The US Preventative Services Task Force (USPSTF) has made an A recommendation to screen for syphilis infection in nonpregnant persons deemed at increased risk. A recommendation signifies that the Task Force believes with high certainty that the benefits of screening outweigh the harms. The A recommendation to screen for syphilis in pregnant women was made by the USPSTF in 2009.

The growing number of primary and secondary cases of syphilis since 2000 was cited as a main reason for the recommendation. In 2014, the number of primary and secondary cases in the US reached 19,999 (6.3 cases per 100,000 persons), according to the Centers for Disease Control and Prevention’s (CDC) ‘Sexually Transmitted Disease Surveillance 2014′. 


Providing clinical guidance for assessment, the USPSTF cite 2014 surveillance data which showed that men who have sex with men (MSM) and those living with HIV have the highest risk for syphilis infection. Other factors to be taken into account when deciding who may be at increased-risk are factors such as incarceration, history of commercial sex work, and being male and under 29 years of age. In 2014, men accounted for 90.8% of all cases, while those aged between 20 and 29 had three times higher rates of infection than other ages.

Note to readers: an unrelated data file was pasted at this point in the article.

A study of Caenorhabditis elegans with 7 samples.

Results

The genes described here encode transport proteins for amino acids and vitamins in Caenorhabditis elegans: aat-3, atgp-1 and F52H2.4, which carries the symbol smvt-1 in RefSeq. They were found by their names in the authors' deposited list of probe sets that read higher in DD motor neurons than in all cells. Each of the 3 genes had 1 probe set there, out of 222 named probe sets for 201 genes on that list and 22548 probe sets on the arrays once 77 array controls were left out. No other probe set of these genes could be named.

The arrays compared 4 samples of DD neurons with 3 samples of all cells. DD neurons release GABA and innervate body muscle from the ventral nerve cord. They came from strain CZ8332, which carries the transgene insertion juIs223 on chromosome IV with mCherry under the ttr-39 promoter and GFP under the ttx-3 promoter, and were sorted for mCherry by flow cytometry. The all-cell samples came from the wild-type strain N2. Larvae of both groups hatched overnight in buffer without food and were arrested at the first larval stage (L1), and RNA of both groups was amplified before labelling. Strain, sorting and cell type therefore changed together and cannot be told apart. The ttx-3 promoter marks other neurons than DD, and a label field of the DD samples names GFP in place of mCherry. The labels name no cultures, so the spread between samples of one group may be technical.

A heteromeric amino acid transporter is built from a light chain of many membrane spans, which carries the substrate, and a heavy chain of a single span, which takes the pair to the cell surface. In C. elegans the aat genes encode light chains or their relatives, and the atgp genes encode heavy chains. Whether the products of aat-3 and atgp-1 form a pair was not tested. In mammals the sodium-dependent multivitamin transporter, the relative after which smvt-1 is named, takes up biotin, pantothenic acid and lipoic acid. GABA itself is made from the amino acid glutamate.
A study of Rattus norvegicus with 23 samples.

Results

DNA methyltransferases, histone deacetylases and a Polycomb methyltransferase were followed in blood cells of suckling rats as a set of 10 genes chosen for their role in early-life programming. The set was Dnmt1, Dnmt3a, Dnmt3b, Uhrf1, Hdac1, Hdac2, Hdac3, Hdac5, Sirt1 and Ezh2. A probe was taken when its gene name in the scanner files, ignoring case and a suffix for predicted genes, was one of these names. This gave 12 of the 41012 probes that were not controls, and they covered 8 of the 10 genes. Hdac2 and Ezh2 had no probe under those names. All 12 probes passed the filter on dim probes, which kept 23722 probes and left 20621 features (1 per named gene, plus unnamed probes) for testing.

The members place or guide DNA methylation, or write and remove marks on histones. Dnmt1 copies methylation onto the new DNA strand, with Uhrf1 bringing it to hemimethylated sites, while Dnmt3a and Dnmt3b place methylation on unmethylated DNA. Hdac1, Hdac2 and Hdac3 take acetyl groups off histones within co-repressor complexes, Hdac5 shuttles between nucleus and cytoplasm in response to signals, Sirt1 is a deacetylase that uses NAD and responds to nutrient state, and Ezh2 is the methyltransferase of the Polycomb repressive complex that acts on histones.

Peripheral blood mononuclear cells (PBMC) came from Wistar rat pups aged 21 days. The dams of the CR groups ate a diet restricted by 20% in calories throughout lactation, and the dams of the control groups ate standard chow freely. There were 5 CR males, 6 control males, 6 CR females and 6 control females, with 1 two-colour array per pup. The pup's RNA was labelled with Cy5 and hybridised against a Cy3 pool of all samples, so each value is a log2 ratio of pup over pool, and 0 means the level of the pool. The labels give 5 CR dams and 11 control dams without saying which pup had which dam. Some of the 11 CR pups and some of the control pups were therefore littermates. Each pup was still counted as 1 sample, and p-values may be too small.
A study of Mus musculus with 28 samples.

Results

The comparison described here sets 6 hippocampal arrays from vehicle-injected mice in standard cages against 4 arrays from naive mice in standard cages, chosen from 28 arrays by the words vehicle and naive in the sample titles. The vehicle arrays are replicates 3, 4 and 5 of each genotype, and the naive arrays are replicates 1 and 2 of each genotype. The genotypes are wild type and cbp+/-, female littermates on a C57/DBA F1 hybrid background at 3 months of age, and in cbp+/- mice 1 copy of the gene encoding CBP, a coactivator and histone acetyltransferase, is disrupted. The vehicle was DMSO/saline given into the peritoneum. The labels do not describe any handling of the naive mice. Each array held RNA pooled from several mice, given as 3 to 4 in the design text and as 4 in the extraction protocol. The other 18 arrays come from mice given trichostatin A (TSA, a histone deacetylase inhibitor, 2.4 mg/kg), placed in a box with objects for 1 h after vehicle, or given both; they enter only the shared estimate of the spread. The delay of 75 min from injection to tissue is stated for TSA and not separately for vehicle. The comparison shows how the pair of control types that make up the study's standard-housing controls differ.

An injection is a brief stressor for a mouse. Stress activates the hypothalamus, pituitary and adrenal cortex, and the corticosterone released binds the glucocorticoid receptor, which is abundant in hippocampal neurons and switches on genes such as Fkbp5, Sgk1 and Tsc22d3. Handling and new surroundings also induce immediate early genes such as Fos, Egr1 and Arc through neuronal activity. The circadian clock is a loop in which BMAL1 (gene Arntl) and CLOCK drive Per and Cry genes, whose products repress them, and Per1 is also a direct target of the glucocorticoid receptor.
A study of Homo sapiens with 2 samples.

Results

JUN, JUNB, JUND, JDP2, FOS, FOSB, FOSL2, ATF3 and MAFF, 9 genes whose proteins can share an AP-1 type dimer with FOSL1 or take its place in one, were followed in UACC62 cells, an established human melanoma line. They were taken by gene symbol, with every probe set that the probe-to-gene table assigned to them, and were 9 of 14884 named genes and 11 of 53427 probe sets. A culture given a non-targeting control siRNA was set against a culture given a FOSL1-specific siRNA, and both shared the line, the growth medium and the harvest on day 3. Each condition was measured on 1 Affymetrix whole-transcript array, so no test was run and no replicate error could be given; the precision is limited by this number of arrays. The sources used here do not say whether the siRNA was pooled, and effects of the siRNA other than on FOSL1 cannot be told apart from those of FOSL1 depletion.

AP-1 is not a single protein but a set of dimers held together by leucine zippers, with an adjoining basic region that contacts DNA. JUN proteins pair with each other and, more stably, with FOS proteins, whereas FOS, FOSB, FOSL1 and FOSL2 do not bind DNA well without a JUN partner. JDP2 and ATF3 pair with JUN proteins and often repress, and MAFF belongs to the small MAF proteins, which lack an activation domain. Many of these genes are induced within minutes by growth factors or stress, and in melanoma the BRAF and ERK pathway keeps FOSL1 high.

Although automated tests are currently in development, the most reliable method of screening for syphilis is 2-step. First the nontreponemal test (RPR or VDRL) is conducted, if positive it is followed by a treponemal test (TP-PA or FTA-ABS).

The CDC presently recommends at least annual screening for sexually active MSM and persons living with HIV, additionally the CDC recommends screening for individuals in correctional facilities on the basis of location and institutional prevalence.

Concerning the updated recommendations to screen nonpregnant persons at increased risk, the researchers conclude, “Effective treatment with antibiotics can prevent progression to late-stage disease, with small associated harms, providing an overall substantial health benefit.”